Derry filmmaker Emmet Colton on his new Triplevision short film Unlocking Christmas

Although it can often feel like every seasonal scenario has been set to music and turned into a holiday hallmark classic Northern Irish filmmaker Emmet Colton offers a fresh festive perspective in his new short film – Unlocking Christmas.

The film follows the story of Jason, a young man who discovers that he can use Santa’s magical key to sneak into his neighbours' homes on Christmas Eve and treat himself to the present-filled Christmas that he never had.

“The idea came shortly after I first heard about those Christmas keys. I just started to think about how funny it would be if they actually worked,” Emmet explained.

“It was probably around three or four years ago that I had the idea, and we just never had the opportunity to actually make it.

“Then there was a funding call for Northern Ireland Screen, and I was asked if I had any ideas for short films. In the world that we operate in you have that many ideas but it’s just the ones that people will actually help you make or help you fund that get seen, so a big part of it is luck.”

Having worked within the world of documentary at west Belfast television and film production company Triplevision for several years, Unlocking Christmas is Emmet’s debut short film.

“We almost exclusively make factual programmes and documentaries, so although we have all dipped our toe in dramas before this is the first short drama that the company has made in a long time,” he said.

In addition to writing the script Emmet also directed the project which he says was “a real eyeopener”.

“I didn’t realise how difficult it is to make a low budget short film and make sure that everything aligns on the days at the times that you need them to. It was incredibly stressful trying to juggle that many balls at once.”

Initially pitching the short in November 2021 Emmet and the team didn’t hear back until early 2022 with sponsors expecting filming to commence either before or during the summer.

“We had to meet with the funders and convince them that Christmas time would suit better because people’s houses will be decorated, and the darker nights would help us.

“So, they agreed and that was a big help as it allowed us to refine some of the scenes, inject more humour into it and also take the time to find the right actor.”

Leading the small ensemble is young Belfast actor Odhrán Feeney.

“We were just getting head shots sent to us from different drama societies and we were struggling to find the right fit.

“We had narrowed it down to a couple and we’d spoken with the Youth Lyric which Odhrán came through and asked their opinion on him and they were singing his praises.

“Then when he came in to see us and he was wearing a Dave Chappelle cap and I’m a fan so I figured he must love comedy and we sat and had a good chat about that.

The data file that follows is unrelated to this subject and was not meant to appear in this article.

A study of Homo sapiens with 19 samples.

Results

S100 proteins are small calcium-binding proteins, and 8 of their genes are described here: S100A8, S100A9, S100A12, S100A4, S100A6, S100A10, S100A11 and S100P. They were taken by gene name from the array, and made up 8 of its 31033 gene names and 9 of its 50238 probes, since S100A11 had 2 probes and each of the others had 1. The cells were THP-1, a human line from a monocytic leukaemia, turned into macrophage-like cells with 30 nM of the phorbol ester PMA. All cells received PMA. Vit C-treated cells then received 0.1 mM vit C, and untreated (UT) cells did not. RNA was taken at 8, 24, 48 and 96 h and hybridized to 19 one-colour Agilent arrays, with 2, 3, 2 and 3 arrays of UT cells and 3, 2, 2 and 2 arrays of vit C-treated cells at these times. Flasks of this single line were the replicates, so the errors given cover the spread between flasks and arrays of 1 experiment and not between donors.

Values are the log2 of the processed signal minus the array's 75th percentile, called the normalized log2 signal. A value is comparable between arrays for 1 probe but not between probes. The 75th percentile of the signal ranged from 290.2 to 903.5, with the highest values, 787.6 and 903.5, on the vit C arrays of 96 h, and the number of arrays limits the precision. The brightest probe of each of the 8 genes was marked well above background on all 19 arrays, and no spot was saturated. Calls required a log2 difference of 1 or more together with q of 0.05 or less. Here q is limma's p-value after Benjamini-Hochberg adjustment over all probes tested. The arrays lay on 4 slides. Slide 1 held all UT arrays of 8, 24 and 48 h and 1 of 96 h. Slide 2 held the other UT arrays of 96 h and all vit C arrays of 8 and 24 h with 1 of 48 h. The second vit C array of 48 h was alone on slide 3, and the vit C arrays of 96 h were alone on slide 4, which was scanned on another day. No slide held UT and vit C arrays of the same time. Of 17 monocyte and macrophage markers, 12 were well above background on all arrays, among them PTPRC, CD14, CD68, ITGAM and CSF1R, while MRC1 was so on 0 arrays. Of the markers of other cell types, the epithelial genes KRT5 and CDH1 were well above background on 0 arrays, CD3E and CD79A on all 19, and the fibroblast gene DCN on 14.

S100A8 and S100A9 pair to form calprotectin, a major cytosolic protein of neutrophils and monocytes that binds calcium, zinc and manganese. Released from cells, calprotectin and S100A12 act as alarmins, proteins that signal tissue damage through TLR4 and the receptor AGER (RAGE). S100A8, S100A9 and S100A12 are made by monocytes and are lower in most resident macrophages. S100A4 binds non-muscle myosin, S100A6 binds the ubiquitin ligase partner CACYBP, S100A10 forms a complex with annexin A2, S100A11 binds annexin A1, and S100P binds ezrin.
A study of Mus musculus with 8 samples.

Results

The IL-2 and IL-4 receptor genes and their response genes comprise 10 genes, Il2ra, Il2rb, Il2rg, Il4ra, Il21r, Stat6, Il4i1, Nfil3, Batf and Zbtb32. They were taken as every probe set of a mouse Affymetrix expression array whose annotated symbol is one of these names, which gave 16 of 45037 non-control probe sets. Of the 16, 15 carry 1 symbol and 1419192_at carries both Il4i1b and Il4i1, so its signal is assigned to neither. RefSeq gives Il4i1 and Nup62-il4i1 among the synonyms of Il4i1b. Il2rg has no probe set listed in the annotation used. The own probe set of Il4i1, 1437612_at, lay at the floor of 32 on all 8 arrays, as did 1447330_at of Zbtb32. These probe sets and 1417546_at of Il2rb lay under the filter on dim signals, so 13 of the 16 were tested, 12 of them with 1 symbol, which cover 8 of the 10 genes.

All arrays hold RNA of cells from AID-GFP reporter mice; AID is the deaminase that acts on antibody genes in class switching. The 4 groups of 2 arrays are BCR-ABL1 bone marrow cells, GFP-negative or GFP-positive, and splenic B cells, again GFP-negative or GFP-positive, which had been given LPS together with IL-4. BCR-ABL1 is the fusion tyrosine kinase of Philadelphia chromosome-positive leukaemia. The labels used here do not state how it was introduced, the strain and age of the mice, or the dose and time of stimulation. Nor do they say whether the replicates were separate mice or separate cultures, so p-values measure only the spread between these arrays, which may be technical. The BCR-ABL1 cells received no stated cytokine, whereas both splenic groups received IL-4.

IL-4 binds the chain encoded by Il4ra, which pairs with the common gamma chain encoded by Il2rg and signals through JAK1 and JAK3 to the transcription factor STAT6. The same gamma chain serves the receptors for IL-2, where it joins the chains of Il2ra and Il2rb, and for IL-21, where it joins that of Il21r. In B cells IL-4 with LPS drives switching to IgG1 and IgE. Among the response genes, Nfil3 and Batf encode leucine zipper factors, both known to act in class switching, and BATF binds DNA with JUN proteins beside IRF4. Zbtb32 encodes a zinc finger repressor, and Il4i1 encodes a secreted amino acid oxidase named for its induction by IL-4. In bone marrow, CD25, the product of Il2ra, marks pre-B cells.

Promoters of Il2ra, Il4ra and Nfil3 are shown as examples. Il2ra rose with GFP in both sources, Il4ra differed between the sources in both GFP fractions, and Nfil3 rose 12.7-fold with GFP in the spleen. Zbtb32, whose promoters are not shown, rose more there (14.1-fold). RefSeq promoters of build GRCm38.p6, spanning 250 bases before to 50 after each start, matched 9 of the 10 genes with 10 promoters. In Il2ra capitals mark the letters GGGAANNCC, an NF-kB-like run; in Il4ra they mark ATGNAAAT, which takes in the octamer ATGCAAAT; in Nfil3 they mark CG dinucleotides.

“It was only afterwards that we asked him what he thought the main character should be wearing and he was wearing the exact same clothes that the character is wearing in the film he was just dressed perfectly for it,” Emmet recalled.

The film follows a cartoonish pantomime style with little dialogue, opting to tell the story almost entirely through visuals.

“I was steering away from a lot of dialogue because it is my first short drama and I wanted to keep it simple.

“But Odhrán did so well, it would have been easy to be too over the top or not be expressive enough, but I think he got it.”

With the exception of Odhrán, Emmet tells me that the rest of the actors in Unlocking Christmas were found much closer to home.

“Everyone bar our main actor is family. My two parents are in it, my dad plays Santa, but he’s used to that because we would always put on Christmas parties in our house for our extended family so my dad is known as Santa at Christmas time so if you need a Santa it’s my dad,” laughs Emmet.

“My sister is one of the police officers in the film and my brother was the other.

“The father and daughter at the start is the producer of the film and that is his actual daughter. The young boy was the DOP’s son and then the extras in the shop were people who we work with and family members.”

It, therefore, feels fitting that the family of the cast and crew were among the first to see the short at the Queen’s Film Theatre on December 2 - the previous day it debuted at a Christmas film festival in New Jersey, though Emmet wasn't able to be there.


Despite the film being selected for two festivals what struck Emmet the most about the whole experience was the sense of community he felt whilst making the short.

“I got Christmas decorations from anyone and everyone - I’m from Derry and it was like half of Derry was lending us Christmas decorations,” he said.

“My mum was cooking for everyone and organising transport. It just felt like this big family event, and I really don’t think we could’ve done it without them.”

On the surface the short appears to be a festive spoof poking fun at the overly sentimental Christmas stories we have become accustomed to. However, it also dives deeper than that by highlighting the importance of family which is something Emmet wanted to emphasise both on and off screen.

“Regardless of who else sees it or where it’s screened, we will all be able to watch it every Christmas with our families and the fact so many of them are in it makes it even more special.”